The planned demolition has sparked world wide outrage [Getty]

Date of publication: 26 July, 2015


Residents of Khirbet Susiya village in the occupied West Bank are bracing for Israeli bulldozers to come and knock down their homes any day now. 

But as they wait for an occupation military order to be carried out, villagers are rallying support from Western governments as well as Palestinian and peace activists.

Israeli authorities say Susiya's structures are unlicenced and must come down. Residents and their supporters say Israel refuses to grant building permits to Palestinians, even while allowing Israeli settlements to thrive next door.

     Area C, is home to more than 350,000 illegal Jewish settlers



"The people are afraid," said Nasser Nawajah, a leading activist among Susiya's residents. He said his children will not sleep alone at night.

During the day, Nawajah said, the children are constantly on edge that any group approaching could be Israeli soldiers.

Susiya, a rocky hamlet of several hundred people, is one of more than a dozen Palestinian herding communities in the southern West Bank.

Consisting mostly of tents, and without running water or electricity, the village has nonetheless risen to international prominence in recent weeks as it braces for a round of demolitions after three decades of legal battles with the occupation. 

At the heart of the matter is the over 62 percent of the West Bank that was placed under Israeli control under interim peace accords two decades ago.

This land, called Area C, is home to more than 350,000 illegal Jewish settlers, more than double the number of Palestinians living there.

Israel has blocked virtually all Palestinian development in Area C, while expanding the Jewish settlements there. 

Khirbet Susiyais flanked by an illegal Jewish settlement.

Susiya's residents lived in the area of the ruins until Israel declared it an archaeological site in the 1980s, forcing them to leave.

Some left for other Palestinian communities, while others settled a few hundred meters (yards) away, on land Nawajah says is privately owned by him and his relatives.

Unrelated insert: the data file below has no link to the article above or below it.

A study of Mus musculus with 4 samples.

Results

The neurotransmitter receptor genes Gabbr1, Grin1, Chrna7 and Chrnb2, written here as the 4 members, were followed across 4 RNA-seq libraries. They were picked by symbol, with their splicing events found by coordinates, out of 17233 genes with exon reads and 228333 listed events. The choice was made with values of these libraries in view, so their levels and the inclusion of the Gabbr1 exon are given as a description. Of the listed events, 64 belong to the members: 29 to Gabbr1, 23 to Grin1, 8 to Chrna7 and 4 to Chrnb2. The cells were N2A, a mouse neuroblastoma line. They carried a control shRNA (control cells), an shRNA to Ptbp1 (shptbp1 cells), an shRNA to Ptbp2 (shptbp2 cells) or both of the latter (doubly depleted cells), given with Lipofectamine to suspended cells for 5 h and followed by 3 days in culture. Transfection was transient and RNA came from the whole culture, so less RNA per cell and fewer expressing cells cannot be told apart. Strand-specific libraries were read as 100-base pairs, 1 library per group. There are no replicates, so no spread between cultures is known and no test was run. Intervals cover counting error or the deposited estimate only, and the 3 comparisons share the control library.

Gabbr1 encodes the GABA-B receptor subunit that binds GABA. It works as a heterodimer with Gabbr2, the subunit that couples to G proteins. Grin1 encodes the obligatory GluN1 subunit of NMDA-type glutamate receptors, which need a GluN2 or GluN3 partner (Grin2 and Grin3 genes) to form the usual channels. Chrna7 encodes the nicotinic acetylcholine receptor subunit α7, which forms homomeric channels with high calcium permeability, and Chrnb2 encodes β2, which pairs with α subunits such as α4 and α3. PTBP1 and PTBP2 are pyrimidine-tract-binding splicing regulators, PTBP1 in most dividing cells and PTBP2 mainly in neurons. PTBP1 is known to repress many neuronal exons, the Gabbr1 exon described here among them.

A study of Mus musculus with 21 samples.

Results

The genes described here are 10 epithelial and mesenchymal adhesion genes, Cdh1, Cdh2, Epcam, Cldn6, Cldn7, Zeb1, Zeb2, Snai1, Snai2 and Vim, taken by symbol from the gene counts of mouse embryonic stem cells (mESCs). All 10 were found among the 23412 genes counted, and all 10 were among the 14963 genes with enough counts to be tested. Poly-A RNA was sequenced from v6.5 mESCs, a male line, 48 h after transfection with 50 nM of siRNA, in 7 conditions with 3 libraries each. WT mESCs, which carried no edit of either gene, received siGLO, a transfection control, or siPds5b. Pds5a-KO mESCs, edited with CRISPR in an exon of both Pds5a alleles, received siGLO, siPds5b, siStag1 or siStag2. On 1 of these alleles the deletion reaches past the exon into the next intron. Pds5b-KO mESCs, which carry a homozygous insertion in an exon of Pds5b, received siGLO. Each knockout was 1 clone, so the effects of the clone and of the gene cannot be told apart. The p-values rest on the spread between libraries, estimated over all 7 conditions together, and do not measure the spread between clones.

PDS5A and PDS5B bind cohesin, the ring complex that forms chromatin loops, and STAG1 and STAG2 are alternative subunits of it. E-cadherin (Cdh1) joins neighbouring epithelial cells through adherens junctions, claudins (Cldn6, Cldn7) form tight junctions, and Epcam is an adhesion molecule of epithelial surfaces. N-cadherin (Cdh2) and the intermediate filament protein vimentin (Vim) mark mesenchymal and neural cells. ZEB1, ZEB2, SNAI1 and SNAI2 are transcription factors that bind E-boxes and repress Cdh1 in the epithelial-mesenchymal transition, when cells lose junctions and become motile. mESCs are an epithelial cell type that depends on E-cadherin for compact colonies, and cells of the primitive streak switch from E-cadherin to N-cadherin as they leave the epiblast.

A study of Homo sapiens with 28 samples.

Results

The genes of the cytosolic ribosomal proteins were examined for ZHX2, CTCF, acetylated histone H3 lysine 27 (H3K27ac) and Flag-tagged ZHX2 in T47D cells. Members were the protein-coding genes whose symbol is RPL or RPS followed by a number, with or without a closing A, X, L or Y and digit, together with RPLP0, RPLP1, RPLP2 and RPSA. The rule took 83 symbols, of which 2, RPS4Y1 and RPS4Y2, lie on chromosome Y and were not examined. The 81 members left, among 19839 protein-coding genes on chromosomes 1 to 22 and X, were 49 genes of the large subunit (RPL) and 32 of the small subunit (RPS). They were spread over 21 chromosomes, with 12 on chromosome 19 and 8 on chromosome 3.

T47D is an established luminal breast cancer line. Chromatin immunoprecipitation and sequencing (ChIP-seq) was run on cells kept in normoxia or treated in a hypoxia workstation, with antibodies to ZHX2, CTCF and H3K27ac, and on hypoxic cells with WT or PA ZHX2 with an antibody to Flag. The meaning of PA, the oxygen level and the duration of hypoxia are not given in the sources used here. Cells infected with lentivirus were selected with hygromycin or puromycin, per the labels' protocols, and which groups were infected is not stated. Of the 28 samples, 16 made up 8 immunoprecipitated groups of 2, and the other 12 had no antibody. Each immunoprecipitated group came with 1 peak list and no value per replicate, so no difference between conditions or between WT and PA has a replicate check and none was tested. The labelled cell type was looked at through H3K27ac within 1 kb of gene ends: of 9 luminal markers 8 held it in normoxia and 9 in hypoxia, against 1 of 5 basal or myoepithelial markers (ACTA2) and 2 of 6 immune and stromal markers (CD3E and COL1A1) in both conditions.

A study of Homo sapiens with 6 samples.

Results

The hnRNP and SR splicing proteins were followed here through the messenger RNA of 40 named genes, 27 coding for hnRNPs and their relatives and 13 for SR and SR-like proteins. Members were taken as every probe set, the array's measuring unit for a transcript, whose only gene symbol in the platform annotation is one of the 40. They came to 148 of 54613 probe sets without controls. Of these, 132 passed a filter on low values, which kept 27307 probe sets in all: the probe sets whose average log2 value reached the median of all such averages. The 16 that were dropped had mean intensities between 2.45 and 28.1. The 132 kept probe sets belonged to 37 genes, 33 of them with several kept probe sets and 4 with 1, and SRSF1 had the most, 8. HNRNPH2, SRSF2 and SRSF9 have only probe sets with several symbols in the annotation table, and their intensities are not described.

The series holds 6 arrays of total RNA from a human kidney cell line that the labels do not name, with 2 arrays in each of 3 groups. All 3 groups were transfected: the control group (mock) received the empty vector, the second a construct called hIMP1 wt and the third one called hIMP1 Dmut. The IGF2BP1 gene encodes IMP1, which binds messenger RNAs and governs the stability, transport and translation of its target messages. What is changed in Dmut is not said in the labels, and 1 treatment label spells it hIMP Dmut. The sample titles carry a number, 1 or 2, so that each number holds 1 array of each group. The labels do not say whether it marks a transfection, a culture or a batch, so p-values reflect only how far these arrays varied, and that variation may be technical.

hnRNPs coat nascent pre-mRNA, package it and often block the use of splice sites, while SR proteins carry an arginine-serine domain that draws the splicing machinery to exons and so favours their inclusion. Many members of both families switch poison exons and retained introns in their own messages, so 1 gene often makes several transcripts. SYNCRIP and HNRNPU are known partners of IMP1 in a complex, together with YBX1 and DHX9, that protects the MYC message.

Since Israel did not recognise the relocated Palestinian Susiya, it was not hooked up to electrical or water grids. The nearby Israeli settlement of Khirbet Susiyaand several illegal Jewish settlements in the area receive such services. 

West Bank settlements, built on land captured in the 1967  war, to be illegal and illegitimate. 

Susiya's situation escalated in May, when Israel's high court stopped a temporary injunction on demolitions. Then in July, the Israeli militrary body that oversees Palestinian civilian affairs, known as COGAT, announced the demolitions and evictions would take place sometime before August 3.

COGAT also provided residents with a map of 32 structures it planned to demolish first. 

International pressure working

     Even if they demolish our house, we will rebuild it, we will stay here in our land


With their options dwindling, residents, backed by a series of advocacy groups, have drawn attention to their plight, receiving global support, even from normally compliant Israeli allies. 

The US State Department has said that demolishing parts of the village and evicting Palestinians would be "harmful and provocative." 

The European Union has also condemned the demolition plan. The EU and several European countries have funded projects in Susiya, including solar panels from Germany and a playground from Austria. 


UN Secretary-General Ban Ki-moon on Wednesday expressed his concerns as well. His spokeswoman, Vannina Maestracci, said he hoped a dialogue between Israeli authorities and the community would resolve the matter.

The international pressure seems to be working.

COGAT said it has not yet decided whether to carry out the demolitions, and said it recently opened a dialogue with villagers in search of a solution. 

An occupation official, speaking on condition of anonymity because he was discussing internal deliberations, acknowledged that the international pressure is "certainly" a factor in the decision-making.

Rabbi Arik Ascherman of Rabbis for Human Rights, an Israeli non-governmental organisation working on Susiya's legal cases, dismissed Israel's overtures as only "vague promises." He praised international efforts to raise awareness about Susiya's situation, but conceded that the village's future still remains on the brink because of pressure from settler groups. 

"It's like a bad light bulb joke," Ascherman said. "How many NGOs does it take to save a village?" 

On Tuesday, a dozen delegates from the European Parliament's Green Party joined the ranks of international supporters passing through Susiya.

"I think if they do this (demolition) here, it will be absurd," said Margrete Auken, a former member of the Danish parliament. 

Samiha Nawajah, a 40-year-old mother of eight, appeared unfazed by all of the commotion. On Tuesday afternoon, she sat cleaning meat in her kitchen, a half-finished cement and tarp structure. Both the kitchen and a separate room — where she and the children sleep separated by a cloth — are on the list to be demolished, she said.

A relative of the activist, Nasser Nawajah, she appeared angry and tired, but if the bulldozers end up coming, she said the family will again build on what they believe is their land.

"Even if they demolish our house, we will rebuild it, we will stay here in our land," she said.